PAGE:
Duinhir, Ranger of the North, had been in Bree for nigh on a week before taking notice of Bowen Lightbody, Hobbit of the Shire. Bowen, on the other hand, took notice of the Ranger the moment he stepped into the common room of the Prancing Pony three days earlier. As far as his friends and relations were concerned, he was in Bree on holiday to see the Autumn Fair. In reality, he was in Bree seeking “adventures” as he put it, and Duinhir’s weatherworn countenance seemed to speak volumes of adventures in the wilds of Eriador.
As is generally the case in these sort of situations, the two eventually struck up a conversation over mugs of Butterbur’s Best and healthy portions of farmers cheese and good brown bread. After polite introductions and a few pleasantries, Bowen told the tale of the Lightbody heirloom. I won’t recount it here, but suffice it to say that everyone, yours truly included, was left scratching his or her head.
As the two continued their conversation, they both became aware of what appeared to be a wild woman with the hood of her cloak pulled down low over her face and, even stranger, a wood elf. Now, Autumn Fair or no, these two would have stood out anywhere in the Bree-land. They were only adding to their conspicuousness by standing in their respective corners for some time with untouched libations; the wild woman, a mug of Butterbur’s Best; the wood elf, a glass of pale Dorwinion wine.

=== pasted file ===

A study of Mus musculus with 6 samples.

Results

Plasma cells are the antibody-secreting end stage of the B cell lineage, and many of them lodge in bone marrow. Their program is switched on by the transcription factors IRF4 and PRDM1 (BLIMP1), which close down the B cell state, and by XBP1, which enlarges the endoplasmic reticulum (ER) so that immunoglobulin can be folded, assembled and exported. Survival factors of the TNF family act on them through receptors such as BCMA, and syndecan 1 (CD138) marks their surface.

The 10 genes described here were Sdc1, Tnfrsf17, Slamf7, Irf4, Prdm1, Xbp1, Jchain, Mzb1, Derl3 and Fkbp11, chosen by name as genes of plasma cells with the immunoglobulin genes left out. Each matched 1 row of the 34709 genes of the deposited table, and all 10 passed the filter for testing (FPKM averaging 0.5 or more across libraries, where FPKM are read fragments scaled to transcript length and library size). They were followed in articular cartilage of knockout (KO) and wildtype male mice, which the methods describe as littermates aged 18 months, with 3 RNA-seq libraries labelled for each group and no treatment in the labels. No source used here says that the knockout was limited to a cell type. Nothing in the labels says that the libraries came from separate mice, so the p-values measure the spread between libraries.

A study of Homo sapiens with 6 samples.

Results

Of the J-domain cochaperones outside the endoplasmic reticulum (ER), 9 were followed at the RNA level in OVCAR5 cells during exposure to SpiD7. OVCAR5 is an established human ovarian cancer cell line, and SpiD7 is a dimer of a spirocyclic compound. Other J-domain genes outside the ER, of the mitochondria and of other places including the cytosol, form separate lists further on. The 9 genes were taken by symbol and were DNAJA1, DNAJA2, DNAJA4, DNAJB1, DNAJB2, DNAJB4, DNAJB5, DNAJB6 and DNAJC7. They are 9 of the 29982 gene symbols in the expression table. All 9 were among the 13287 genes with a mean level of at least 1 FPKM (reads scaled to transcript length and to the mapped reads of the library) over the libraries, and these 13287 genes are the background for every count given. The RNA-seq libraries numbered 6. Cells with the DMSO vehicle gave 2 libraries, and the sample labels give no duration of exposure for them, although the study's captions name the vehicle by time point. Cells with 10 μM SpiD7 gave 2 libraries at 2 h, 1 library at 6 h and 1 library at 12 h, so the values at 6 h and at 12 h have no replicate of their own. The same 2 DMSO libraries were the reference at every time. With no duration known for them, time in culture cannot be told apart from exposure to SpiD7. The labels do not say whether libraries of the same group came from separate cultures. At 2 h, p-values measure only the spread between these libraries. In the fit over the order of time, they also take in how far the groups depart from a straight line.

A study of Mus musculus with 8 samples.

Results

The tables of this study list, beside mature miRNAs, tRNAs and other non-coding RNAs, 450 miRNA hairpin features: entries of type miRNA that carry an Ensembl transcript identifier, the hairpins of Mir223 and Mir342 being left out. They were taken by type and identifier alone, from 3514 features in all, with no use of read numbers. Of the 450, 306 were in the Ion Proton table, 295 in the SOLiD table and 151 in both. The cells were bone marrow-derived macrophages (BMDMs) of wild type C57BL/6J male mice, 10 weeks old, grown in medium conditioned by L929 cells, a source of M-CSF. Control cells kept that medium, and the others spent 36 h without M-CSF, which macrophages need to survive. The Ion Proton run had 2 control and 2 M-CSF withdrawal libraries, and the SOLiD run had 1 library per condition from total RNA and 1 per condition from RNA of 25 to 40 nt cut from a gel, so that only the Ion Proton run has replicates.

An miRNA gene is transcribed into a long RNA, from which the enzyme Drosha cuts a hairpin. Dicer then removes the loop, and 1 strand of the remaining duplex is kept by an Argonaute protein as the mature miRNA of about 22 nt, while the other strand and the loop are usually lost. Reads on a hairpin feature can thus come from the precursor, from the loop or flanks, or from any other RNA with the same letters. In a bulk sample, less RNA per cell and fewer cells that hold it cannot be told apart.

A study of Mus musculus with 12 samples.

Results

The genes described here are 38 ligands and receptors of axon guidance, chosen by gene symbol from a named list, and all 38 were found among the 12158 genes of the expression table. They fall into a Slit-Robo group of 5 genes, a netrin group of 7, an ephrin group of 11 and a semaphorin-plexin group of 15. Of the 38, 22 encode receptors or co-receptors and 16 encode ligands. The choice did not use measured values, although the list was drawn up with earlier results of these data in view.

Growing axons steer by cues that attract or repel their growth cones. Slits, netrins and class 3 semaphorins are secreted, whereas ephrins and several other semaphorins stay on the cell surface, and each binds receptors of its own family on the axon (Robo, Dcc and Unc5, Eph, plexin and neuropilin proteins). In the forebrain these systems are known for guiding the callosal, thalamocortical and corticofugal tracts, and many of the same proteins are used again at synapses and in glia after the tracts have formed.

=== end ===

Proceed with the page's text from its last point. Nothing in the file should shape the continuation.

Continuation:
As is generally the case in these sort of situations, the four eventually struck up a conversation over mugs of Butterbur’s Best (and a glass of Dorwinion wine, untouched) and healthy portions of farmers cheese and good brown bread. The woman, a Beorning it turns out, was named The Widow. The elf, Alaglîr.
With a bit of prodding, Alaglîr revealed that he was in this part of Eriador seeking someone or something named Iarwain Ben-adar in the Old Forest. The Widow had little to say about where she had come from or where she was going – very mysterious, that one.
As the fair wound down for the day, merry makers and merchants alike began to filter into the common room for supper, song and drink. At one point, Bowen was overheard mentioning the name of “Mad” Ostley Grump. This drew the attention of Bill Rushlight, the miller, who warned him to avoid Ostley and his tales of the “’Fell King”.
After Bill Rushlight wandered off, the topic of conversation turned to the aforementioned “Fell King”. This drew the attention of none other than Ostley Grump himself. After rambling on for a while, our new found companions concluded that Ostley was in fact mad or deep in his cups or both. Whichever it was he could not hold a coherent conversation. Bowen was a bit disappointed at this as he had hoped that the old man would provide him with some information about his great great granddad and the fabled Lightbody heirloom.
It was then that this pleasant interlude at the Inn of the Prancing Pony was interrupted by the ringing of hand bells, the blowing of hunting horns and cries of “Fear! Fire! Foes! To arms! To arms!”